Iowa football bowl practices provided more opportunities to young players. Who stood out?

NASHVILLE - Saturday's Music City Bowl against Kentucky (Saturday at 11 a.m. on ABC) comes with plenty of benefits for the Iowa football team. It's an opportunity to end the 2022 season with a win, and veteran leaders such as linebacker Jack Campbell, tight end Sam LaPorta and cornerback Riley Moss have been vocal about maximizing one last opportunity to play for the program.

But another notable benefit is the chance for the coaching staff to develop younger talent with the extra allotment of bowl practices. Though there's not a specific number prescribed by the NCAA, bowl-bound teams usually utilize 15 extra days of practice ahead of the final game. Senior defensive lineman John Waggoner noted on Tuesday that the format is similar to spring practice.

"You have to look at it like a mini spring ball and see how many strides you can take," senior defensive lineman John Waggoner said. "Coaches always talk about good stories in bowl prep about guys that take big strides."

Moss noted that bowl practices are much different in 2022 than during his freshman year in 2018. Then, players exiting via the transfer portal and bowl game opt-outs weren't as prominent. This year’s Hawkeyes had nine transfer portal exits and one bowl game opt-out (All-American safety Kaevon Merriweather). While less depth means the practices aren't as physical, it provides the perfect opening for young players to receive more reps.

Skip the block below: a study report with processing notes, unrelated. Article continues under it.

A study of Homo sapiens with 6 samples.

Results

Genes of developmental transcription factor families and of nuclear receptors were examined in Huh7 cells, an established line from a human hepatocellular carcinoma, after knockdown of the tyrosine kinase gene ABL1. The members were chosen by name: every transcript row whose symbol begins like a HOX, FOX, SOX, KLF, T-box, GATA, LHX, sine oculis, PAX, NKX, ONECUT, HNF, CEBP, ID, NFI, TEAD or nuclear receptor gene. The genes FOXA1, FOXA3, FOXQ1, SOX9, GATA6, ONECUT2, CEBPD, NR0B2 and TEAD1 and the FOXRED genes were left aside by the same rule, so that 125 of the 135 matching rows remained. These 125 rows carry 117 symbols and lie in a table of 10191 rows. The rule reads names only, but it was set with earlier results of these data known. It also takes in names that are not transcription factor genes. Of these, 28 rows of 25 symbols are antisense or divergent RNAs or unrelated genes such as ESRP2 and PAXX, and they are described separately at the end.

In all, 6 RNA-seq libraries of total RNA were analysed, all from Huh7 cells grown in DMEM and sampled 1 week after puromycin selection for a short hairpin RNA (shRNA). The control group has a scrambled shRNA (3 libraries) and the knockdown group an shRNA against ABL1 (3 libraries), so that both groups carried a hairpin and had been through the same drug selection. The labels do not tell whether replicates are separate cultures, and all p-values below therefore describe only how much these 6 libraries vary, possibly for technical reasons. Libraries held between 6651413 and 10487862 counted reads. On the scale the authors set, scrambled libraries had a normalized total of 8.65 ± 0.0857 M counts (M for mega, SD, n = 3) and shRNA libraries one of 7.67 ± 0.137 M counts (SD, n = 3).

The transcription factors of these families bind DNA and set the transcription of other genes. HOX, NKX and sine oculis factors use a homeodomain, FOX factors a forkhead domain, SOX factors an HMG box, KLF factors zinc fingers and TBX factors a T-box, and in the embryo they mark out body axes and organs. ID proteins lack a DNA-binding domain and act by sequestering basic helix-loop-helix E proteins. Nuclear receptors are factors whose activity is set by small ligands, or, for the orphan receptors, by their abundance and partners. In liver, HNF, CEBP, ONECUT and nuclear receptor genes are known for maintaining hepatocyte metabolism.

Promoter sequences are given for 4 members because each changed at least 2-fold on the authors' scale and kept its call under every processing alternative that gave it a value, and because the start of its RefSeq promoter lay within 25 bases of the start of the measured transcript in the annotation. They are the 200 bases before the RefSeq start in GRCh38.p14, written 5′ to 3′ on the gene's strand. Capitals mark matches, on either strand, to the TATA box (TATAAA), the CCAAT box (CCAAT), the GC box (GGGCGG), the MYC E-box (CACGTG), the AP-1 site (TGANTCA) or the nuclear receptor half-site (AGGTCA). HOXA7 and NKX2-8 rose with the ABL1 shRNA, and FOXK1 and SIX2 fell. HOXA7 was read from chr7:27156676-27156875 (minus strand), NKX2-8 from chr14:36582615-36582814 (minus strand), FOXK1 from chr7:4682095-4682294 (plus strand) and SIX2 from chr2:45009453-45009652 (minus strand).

"That's kind of the best part of bowl prep," Moss said. "You have so much opportunity for these young guys to get some reps and grow as players."

More:Iowa football held an open viewing period during Tuesday's practice. Here's what we saw.

Iowa defensive back Deshaun Lee has been a stock riser during the team's bowl preparation. He was seen with the second team defense during Tuesday's bowl practice.

Defensive back was one of the hardest-hit positions in terms of off-season attrition. In addition to Merriweather, two other backs in the two-deep, Reggie Bracy and Terry Roberts, entered the transfer portal. Moss said a pair of cornerbacks have taken advantage of the extra reps.

"I think (true freshman) Deshaun Lee is doing a great job and stepping up," Moss said. "Another guy who deserves credit is (sophomore) AJ Lawson. He's been doing a great job of really listening and understanding the defense more on a conceptual level which is good."

Elsewhere on Iowa's defense, Waggoner pinpointed several defensive linemen who've made strides, all true or redshirt freshmen: Brian Allen Jr., Caden Crawford, Aaron Graves, Max Llewellyn and Jeremiah Pittman.


"If I had to highlight anyone I'd say (true freshmen) Reese Osgood and Jacob Bostick," Ragaini said. "They're two young guys who've continued to grow, they were traveling (on road games) from the middle of the year until now so just seeing them mature, grow in the offense and taking advantage of the opportunity with guys leaving is big."

It's more likely that of the two sides of the ball, the offensive newcomers will have bigger roles during Saturday's game. But the importance of building a foundation for next season cannot be understated. With a successful bowl prep season wrapping up, several young players are expected to enter the off-season with momentum.